Dear Youth Ministers, Don’t Be Afraid to Talk to Your Students About Eating Disorders 

Although I’m now in my 20s, I spent six years of my life in youth group. I attended a biblically solid church with a biblically solid youth group. I heard about “living on mission” more times than I can count. My youth minister was passionate about teaching students to treat their lives like a mission field and to follow God’s call to be evangelists wherever they went. 

However, I can’t recall one time when my youth minister—or any of my youth leaders for that matter—broached the topic of eating disorders. Though I didn’t notice the avoidance of this topic at the time, it feels quite glaring now, due to my struggle with anorexia before college and my subsequent years of recovery.

Spiritual Struggle

I’m not criticizing my youth minister or other youth leaders for avoiding this topic. And I don’t blame them, or anyone else, for the eating disorder I developed in high school. It was truly spiritual warfare: not a struggle “against flesh and blood, but against the rulers, against the powers, against the world forces of this darkness, against the spiritual forces of wickedness in the heavenly places” (Eph. 6:12).

But with youth group—and an eating disorder—in my rearview mirror, I now see how much of a difference hearing my youth minister address this topic could have made in my life. His willingness to talk about eating disorders could have helped me realize that the voice in my head was wrong. For several years, including some of my youth group years, the only voice that I heard was the deceptive voice of Satan saying, “You’re fat, and you need to be skinny.”

I needed someone, like a leader in my church whom I admired, to speak God’s truth into my life.  

Why It’s Important

I realize that it’s not fun to talk about eating disorders in youth group. Eating disorders are a serious matter, and individuals with eating disorders often have major health problems as a result. Some even die. It’s probably easier to talk about happier subjects like being a light to nonbelievers, sharing the gospel, and following God’s calling. 

But students can’t be a light to nonbelievers if they don’t have a biblical view of their bodies. They can’t share the gospel with people if they’re not giving their bodies enough nutrients to thrive. They can’t follow God’s calling for their lives if they’re so focused on working out that they don’t even make time for God’s Word or prayer. 

These are the practical implications of avoiding the topic of eating disorders in your youth group. This is my encouragement to you, youth ministers: to approach the topic of eating disorders with bravery and solemnity, trusting that the Lord will supply your every need when you feel ill-equipped. 

In his first letter to Timothy, the Apostle Paul instructed Timothy to take his role seriously: “Pay close attention to yourself and to your teaching; persevere in these things, for as you do this you will ensure salvation both for yourself and for those who hear you” (1 Tim. 4:16).

Paul didn’t sugarcoat the truth: Timothy needed to take his position seriously and refuse to become lazy in the teaching of God’s Word. 

Teaching Spiritual Truths

Youth minister, you’ve been given an incredible opportunity to lead young people to Christ and to help them thrive in their relationships with him. Teaching them spiritual truths isn’t something to take lightly. I urge you to willingly approach topics like eating disorders and other mental health concerns, even if they might make your students squirm.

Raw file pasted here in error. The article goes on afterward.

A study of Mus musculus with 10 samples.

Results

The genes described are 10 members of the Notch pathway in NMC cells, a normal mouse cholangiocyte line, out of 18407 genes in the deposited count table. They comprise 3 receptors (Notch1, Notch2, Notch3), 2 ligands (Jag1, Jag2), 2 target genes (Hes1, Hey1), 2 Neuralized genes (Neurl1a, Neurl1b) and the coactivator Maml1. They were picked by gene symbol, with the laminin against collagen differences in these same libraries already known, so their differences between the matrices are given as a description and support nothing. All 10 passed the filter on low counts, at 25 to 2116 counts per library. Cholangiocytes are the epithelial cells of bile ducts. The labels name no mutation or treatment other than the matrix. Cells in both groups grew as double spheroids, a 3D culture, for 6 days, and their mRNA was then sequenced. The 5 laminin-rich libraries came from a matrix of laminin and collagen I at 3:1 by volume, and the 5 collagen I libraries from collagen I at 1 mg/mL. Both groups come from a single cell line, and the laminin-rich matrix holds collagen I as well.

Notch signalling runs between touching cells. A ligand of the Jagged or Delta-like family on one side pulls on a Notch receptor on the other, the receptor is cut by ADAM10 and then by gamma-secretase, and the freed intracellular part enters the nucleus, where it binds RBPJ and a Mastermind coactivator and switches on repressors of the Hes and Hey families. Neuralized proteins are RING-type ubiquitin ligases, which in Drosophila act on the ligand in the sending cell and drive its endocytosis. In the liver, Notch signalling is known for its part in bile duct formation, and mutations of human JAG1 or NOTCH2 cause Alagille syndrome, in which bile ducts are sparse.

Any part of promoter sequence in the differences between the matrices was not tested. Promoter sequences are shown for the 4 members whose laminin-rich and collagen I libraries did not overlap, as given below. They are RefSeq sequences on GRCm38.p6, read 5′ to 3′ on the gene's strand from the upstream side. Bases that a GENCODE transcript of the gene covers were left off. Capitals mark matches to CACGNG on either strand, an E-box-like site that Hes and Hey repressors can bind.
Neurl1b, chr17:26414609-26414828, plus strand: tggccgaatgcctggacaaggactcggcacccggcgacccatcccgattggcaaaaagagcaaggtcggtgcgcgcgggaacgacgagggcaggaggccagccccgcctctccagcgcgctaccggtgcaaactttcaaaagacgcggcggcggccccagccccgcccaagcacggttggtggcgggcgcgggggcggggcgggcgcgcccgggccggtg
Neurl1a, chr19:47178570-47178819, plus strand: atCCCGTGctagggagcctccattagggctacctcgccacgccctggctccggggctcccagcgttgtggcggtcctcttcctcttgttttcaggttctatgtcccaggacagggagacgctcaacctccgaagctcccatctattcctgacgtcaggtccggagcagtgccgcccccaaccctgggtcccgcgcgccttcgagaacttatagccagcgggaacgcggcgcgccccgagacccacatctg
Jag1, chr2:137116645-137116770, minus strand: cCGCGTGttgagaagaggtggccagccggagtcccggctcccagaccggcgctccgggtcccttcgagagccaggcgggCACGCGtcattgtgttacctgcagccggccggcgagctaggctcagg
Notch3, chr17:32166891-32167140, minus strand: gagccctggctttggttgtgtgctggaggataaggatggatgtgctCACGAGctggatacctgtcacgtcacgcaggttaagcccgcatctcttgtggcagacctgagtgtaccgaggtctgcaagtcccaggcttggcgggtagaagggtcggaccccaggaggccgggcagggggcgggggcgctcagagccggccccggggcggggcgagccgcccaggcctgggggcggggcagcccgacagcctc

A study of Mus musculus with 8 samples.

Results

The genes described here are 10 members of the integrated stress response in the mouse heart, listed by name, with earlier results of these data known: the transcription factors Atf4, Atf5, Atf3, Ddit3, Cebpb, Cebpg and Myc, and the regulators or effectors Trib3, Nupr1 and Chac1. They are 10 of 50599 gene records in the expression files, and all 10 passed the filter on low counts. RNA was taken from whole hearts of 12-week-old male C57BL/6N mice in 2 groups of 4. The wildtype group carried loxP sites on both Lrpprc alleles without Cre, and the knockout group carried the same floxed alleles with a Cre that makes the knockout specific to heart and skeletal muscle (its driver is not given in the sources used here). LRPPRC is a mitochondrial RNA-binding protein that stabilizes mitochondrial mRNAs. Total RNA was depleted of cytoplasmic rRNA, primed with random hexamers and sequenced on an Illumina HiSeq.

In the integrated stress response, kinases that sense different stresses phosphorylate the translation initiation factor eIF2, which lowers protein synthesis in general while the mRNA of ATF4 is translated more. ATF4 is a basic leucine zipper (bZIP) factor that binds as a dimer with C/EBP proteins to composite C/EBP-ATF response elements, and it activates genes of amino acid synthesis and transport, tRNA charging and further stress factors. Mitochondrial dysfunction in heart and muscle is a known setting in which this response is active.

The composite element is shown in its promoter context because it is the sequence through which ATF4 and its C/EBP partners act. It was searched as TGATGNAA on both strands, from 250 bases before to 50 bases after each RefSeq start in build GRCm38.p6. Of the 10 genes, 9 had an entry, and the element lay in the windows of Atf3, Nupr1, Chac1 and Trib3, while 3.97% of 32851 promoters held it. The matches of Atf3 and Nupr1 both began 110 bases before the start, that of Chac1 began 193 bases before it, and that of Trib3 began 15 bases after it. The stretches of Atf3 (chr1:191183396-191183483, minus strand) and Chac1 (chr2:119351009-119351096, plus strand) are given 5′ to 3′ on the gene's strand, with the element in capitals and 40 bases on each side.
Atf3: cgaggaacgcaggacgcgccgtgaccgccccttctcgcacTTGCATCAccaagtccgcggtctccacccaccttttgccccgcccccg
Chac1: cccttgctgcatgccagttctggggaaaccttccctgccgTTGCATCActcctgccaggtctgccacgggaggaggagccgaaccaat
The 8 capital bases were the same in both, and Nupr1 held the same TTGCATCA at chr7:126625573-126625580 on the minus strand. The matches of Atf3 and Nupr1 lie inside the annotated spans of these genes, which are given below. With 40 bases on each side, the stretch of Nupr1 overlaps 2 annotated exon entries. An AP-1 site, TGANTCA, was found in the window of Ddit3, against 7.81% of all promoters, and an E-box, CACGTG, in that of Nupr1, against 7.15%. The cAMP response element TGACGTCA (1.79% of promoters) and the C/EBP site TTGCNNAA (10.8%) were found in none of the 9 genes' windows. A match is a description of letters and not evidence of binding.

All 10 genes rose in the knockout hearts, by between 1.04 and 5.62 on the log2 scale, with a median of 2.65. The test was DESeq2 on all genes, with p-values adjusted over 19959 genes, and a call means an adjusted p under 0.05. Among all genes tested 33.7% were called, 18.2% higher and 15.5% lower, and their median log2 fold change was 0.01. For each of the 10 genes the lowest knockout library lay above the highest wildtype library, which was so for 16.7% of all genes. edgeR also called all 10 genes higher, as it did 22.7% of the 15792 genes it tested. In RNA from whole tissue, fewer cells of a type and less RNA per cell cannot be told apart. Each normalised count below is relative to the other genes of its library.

Eating disorders are incredibly complex, so it’s okay if you’re not an expert on them. When you approach this topic, you should ultimately encourage students to bring their concerns and struggles to their parents or a trusted mental health professional. But as their youth minister, it’s your role to faithfully point students to the truth according to God’s Word.

There are a variety of ways that you can do this with your students. Help them identify the lies that they may be believing about themselves. Use specific Scripture verses to encourage them to walk in the light, rather than the darkness. Be willing to reveal hard realities to them, like the reality that they may never love their bodies because they live in a fallen world, but over time, they can learn to accept their bodies.

Pray for them when they’re at youth group, and let them know that you’re praying for them when they’re not at youth group. No matter what, remind them that recovery is possible through Christ, even if recovery doesn’t look exactly the way they think it should.

The Promise of the Holy Spirit

While it’s not your responsibility to prevent your students from developing eating disorders, your willingness to address this topic may indeed prevent them from walking down (or from walking further down) the destructive path of an eating disorder. You don’t need to be afraid of approaching this topic with them. Let the Holy Spirit give you the right words to say as you use this opportunity to point them toward the abundant life that Christ offers.

Interested in learning more about gospel-centered youth ministry? Check out our Rooted Youth Ministry Podcast, hosted by Danny Kwon.

Grace McCready is an author, blogger, and speaker who is passionate about encouraging young women through sharing personal stories and scriptural truths. She’s the author of Real Recovery: What Eating Disorder Recovery Actually Looks Like and blogger at Tizzie's Tidbits of Truth. She's also a full-time writer/editor for a Christian ministry. Although she doesn’t enjoy drinking black coffee, running marathons, or reading books, she does enjoy spending time with her family, chatting with her friends, and watching her favorite TV shows.